This internship project involves preliminary research for a book proposal on "Māori Law Stories". The book will aim to tell the stories behind a number of historical and contemporary legal cases involving Māori. This is in the tradition of the field of "legal archaeology" - digging up the forgotten or untold aspects of legal cases - who the people were, the reasons for bringing a case, and what happened afterwards.
This report has been prepared for Ngā Pae o te Māramatanga as part of the summer internship programme 2018-2019. This project is titled Tangaroa Ara Rau: Whānau connections and Water Safety with a purpose to understand unique whānau connections to water and its benefit for water safety.
Throughout the summer of 2018 Terina Raureti (Ngāti Raukawa) was given the opportunity to work alongside the waka club Hauteruruku ki Puketeraki and their Tūmai Ora initiative which focused on engaging rangatahi with their pepeha through waka.
This research report has been titled Rākau-nui as an acknowledgement to the full moon phase in the Maramataka (Māori lunar calendar). Rākau-nui also represents the collected journey to which this full report has been constructed from. The Maramataka is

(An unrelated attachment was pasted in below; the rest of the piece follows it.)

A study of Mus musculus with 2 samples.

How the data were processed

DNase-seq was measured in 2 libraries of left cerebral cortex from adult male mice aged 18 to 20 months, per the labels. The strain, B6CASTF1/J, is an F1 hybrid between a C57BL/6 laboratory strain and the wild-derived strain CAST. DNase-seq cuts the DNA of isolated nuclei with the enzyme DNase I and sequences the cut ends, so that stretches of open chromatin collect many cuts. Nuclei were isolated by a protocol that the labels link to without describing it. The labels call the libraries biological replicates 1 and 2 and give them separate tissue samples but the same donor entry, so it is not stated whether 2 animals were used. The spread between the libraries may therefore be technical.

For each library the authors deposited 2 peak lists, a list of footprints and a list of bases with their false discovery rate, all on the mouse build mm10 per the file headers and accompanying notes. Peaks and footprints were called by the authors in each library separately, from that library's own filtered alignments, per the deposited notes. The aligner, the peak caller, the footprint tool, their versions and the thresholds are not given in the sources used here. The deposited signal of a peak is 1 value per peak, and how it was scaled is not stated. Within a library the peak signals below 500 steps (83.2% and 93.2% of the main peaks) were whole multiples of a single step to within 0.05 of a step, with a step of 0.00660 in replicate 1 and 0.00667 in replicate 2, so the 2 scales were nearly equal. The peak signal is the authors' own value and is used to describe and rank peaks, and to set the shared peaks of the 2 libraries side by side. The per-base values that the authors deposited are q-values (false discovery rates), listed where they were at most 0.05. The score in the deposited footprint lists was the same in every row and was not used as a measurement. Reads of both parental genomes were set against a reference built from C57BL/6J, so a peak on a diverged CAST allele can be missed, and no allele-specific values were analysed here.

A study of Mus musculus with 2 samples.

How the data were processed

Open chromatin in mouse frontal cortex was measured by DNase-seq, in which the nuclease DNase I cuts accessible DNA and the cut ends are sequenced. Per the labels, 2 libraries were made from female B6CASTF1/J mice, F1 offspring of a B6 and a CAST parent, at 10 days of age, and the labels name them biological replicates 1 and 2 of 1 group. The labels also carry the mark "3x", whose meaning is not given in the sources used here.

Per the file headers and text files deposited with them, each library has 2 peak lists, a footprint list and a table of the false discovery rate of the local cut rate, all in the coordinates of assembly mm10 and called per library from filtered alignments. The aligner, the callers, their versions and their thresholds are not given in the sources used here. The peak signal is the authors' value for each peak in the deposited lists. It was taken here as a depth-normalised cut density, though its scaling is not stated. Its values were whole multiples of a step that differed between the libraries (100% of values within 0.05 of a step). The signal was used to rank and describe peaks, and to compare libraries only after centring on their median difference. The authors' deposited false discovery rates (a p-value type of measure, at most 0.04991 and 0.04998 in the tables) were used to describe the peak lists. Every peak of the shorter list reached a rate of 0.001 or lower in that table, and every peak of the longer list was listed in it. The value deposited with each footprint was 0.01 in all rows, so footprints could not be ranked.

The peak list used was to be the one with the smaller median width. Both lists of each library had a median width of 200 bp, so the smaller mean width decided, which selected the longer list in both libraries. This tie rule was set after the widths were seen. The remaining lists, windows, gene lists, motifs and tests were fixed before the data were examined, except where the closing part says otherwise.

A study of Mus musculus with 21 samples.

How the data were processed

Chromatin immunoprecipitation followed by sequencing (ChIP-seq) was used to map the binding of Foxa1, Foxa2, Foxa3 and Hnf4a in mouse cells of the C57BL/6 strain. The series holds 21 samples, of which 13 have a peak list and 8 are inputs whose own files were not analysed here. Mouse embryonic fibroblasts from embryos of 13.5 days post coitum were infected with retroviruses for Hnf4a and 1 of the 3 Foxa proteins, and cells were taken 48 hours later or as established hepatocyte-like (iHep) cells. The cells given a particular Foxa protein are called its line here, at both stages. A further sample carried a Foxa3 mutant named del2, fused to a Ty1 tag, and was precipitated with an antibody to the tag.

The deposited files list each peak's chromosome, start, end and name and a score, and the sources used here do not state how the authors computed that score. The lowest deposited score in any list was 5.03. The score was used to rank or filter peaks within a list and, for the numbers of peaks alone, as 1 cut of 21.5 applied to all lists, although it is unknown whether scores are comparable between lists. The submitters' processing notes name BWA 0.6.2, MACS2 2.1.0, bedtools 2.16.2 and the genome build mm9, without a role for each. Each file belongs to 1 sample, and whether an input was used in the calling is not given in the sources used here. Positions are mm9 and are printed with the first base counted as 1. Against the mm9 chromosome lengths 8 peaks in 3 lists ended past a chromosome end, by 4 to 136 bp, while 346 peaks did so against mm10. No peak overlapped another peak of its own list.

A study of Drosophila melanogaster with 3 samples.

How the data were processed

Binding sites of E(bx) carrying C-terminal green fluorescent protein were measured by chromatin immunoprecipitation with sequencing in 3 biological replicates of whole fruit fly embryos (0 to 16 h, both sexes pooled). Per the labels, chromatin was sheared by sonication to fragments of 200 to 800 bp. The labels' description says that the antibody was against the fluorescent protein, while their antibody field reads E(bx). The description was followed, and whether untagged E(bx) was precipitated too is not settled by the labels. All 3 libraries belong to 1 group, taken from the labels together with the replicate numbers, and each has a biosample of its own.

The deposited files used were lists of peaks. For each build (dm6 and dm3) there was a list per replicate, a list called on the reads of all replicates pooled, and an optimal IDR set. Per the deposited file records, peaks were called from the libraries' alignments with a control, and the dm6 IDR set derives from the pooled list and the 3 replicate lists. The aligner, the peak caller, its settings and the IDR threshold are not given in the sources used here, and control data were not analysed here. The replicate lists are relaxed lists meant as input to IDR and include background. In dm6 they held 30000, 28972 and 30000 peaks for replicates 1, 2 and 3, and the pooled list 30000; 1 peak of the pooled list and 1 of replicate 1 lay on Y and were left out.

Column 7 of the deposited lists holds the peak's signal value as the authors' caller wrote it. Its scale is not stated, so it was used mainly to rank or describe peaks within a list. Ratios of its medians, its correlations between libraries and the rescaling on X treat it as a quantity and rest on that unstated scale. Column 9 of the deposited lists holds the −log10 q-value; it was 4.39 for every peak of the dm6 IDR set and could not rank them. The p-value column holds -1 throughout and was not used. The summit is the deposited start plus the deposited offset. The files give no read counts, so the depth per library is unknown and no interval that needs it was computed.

a repository of ancient and traditional knowledge orally handed down throughout the generations by our forebears to ensure the sustainability of a healthy environment and thus healthy people (Tawhai, 2013).
The Maramataka is a system of phases which allow Māori to construct ways to interact with the environment.
Ngā Pae o te Māramatanga/Manaaki Whenua Landcare Research
This research project seeks to identify horticultural land use opportunities in Māori-owned Wairoa, Te Tairawhiti rohe. The outcomes of this project are to monitor and assess current soil and water trends to determine the most suitable crops for preventing wind and water erosion. Methods include district scale spatial analysis (Reid et. al 2006) to determine the most suitable crops, of which are saffron, feijoa and gevuina.